Oh boy, this album is hot! Timeless. Being a younger guy, I didn't get into jazz and blues until a little bit later in my life, although my father was into it and I was definitely exposed to the great music that came before 1968. I have tons of LPs from Krupa and Buddy Guy, but it wasn't until I heard this album that I really decided to break them out and give everything a good listen.
Gene Krupa is, to me, like Elvis of the swing era. Yes there were other greats (Benny Goodman, Woody Herman, Dorsey brothers, Glenn Miller, etc) but Mr. G provided a framework to change the direction of American music. I've loaned this album to people who thought Brian Setzer was what swing was all about and their lives were changed.
Regarding the tracks, I don't think there's a clunker on the entire album. I don't think there's a ton of cohesion between the tracks, although I don't believe it was necessarily recorded that way either. Then again, I could be missing something so please comment and fill in the gaps if you know! Oh, I know what's common about these cuts, they're all iconic swing played by expert musicians.
Drummer Man opens with a bang, Let Me Off Uptown. As others have reviewed, there's a great dialoge with O'Day and Eldridge that sets the context of this song; it's edgy and primal, for 1956! Captures the feeling of the swing era. A personal favorite of mine is track 3, Opus 1. Real classy big band sound. O'Day's dynamic vocals inspire goosebumps, and the layers of horns over Krupa's knockin' drums create a mood that you just can't get from any other source.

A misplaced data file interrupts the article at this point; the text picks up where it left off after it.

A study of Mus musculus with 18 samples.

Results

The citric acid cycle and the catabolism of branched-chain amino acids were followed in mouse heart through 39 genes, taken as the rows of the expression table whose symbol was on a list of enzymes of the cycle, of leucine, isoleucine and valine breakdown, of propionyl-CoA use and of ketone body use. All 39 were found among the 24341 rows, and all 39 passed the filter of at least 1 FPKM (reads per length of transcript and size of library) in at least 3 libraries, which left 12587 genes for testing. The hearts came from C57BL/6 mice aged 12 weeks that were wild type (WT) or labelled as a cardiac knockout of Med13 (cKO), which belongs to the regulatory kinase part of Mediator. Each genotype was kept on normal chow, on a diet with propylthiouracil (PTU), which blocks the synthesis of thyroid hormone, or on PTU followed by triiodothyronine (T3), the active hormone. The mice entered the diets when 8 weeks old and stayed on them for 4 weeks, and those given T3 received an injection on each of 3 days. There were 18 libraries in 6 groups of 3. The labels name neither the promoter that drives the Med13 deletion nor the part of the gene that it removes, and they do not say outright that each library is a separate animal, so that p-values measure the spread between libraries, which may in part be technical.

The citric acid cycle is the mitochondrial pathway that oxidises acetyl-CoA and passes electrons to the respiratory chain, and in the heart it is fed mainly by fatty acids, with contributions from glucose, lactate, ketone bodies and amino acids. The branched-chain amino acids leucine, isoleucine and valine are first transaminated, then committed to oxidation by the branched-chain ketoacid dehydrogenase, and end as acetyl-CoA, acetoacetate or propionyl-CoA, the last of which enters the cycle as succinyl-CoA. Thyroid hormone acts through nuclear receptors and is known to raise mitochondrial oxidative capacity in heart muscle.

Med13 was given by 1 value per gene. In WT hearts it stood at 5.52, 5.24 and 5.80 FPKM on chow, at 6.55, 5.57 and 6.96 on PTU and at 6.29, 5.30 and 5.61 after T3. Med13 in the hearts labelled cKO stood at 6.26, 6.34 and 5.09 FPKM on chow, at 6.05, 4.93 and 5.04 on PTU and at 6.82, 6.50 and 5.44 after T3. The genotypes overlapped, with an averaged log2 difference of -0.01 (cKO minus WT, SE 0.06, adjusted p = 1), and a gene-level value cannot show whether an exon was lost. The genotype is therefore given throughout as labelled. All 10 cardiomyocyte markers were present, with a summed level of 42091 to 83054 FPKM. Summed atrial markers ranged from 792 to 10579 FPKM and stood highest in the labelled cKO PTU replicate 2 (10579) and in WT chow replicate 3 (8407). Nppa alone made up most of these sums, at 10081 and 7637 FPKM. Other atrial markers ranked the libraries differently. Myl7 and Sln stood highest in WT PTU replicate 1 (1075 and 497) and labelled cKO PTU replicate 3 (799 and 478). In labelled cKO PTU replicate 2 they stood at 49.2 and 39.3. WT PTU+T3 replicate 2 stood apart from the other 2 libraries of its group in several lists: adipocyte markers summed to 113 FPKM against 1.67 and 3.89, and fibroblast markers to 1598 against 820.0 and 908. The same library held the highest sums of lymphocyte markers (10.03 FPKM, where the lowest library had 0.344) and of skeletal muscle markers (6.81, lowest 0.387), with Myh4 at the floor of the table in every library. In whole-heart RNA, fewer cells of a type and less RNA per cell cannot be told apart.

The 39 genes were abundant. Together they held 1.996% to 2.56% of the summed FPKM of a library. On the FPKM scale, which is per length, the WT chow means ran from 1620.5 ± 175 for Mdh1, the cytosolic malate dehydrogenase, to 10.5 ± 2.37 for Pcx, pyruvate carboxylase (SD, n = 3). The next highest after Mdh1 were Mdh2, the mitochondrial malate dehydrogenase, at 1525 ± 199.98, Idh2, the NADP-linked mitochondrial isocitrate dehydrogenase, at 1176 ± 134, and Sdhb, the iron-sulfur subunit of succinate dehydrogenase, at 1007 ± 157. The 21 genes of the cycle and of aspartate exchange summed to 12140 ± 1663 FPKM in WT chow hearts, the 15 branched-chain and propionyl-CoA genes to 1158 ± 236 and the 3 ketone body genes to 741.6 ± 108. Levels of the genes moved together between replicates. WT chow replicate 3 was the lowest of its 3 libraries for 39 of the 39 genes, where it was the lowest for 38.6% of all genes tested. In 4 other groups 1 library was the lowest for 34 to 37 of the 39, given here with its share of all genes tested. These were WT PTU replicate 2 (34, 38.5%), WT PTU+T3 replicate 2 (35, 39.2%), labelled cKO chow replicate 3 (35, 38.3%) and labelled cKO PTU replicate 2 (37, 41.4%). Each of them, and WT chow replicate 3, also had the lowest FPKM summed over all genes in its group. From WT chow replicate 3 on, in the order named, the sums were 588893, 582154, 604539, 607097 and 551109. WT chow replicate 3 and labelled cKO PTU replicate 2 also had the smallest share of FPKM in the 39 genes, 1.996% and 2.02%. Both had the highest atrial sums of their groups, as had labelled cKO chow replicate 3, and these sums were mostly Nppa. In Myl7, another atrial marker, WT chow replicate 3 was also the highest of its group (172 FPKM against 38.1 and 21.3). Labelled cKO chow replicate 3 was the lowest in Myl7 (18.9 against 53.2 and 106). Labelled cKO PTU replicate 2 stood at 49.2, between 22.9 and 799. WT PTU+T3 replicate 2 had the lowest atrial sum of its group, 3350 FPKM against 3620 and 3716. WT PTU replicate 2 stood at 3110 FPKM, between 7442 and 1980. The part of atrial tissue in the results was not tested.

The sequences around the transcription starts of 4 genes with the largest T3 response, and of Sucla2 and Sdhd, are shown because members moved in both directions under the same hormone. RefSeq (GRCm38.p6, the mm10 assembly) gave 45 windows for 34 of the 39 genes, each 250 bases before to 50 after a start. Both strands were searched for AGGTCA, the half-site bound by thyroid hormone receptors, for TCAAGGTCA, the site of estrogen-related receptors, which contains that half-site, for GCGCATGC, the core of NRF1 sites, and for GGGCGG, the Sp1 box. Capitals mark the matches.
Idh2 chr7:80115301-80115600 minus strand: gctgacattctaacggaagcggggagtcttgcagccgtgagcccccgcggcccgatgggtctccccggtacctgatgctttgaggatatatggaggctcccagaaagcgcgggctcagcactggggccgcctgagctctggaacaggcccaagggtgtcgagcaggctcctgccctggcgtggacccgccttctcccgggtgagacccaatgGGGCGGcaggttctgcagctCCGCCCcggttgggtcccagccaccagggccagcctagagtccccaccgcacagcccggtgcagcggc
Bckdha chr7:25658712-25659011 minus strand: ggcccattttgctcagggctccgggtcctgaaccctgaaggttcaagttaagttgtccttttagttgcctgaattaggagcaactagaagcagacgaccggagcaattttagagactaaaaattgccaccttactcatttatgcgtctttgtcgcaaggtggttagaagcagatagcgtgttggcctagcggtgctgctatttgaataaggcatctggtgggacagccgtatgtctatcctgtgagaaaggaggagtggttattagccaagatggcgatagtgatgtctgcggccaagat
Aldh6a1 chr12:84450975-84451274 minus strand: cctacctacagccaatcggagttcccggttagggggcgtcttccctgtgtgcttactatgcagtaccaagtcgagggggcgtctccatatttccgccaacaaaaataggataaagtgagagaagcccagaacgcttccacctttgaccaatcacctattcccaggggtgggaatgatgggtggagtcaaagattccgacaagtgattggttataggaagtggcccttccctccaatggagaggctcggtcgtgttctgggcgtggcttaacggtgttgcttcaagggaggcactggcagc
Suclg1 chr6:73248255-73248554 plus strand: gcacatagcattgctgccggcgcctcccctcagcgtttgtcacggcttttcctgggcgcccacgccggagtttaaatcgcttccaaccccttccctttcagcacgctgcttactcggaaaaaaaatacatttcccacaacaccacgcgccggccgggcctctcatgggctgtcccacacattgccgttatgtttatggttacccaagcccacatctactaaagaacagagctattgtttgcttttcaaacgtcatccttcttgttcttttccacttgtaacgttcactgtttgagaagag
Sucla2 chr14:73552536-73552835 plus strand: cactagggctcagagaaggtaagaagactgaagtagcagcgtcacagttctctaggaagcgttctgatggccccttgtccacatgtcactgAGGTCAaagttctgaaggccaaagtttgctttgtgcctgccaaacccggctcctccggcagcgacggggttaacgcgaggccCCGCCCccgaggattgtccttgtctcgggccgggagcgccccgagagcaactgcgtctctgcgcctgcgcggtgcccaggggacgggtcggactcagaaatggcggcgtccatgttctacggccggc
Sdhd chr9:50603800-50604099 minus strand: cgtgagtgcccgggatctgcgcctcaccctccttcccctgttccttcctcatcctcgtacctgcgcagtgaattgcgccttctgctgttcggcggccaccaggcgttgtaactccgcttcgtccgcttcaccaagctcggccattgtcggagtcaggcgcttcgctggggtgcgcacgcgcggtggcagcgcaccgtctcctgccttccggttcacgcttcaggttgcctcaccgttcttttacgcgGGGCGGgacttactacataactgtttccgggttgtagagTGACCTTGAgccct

Drummin' Man and Drum Boogie show off Krupa's talents, even being a bit later in years during the session. If you can get your hands on an LP, it's interesting to compare his work and style over the years. Another favorite of mine is Leap Us Leap, where Krupa takes a backseat to the band for the most part, and you can see how diverse and skilled he is at combining rhythm and melody into his playing. It's subtle but drummers, bassists and pianists will probably really appreciate this one. Wire Brush Stomp sizzles, like a a refined explosion. While Woody Herman's Thundering Herd might take the prize for volume, speed and impact, Gene Krupa's band shows they can lay rubber with the best of 'em.
Track 11, That's What You Think is really the only ballad, and makes a nice shift, some time to relax, before the closing track of After You've Gone, where I think Eldridge had to quit because he wore out his trumpet! Not only is his playing powerful and crisp, but on a 2nd listen through take note of the backing horns and how tight the rest of the band sounds behind him. It's a testament to the hard work these professionals put into their craft, and how much Krupa demanded of them.
Thank you Verve for putting this amazing session on CD.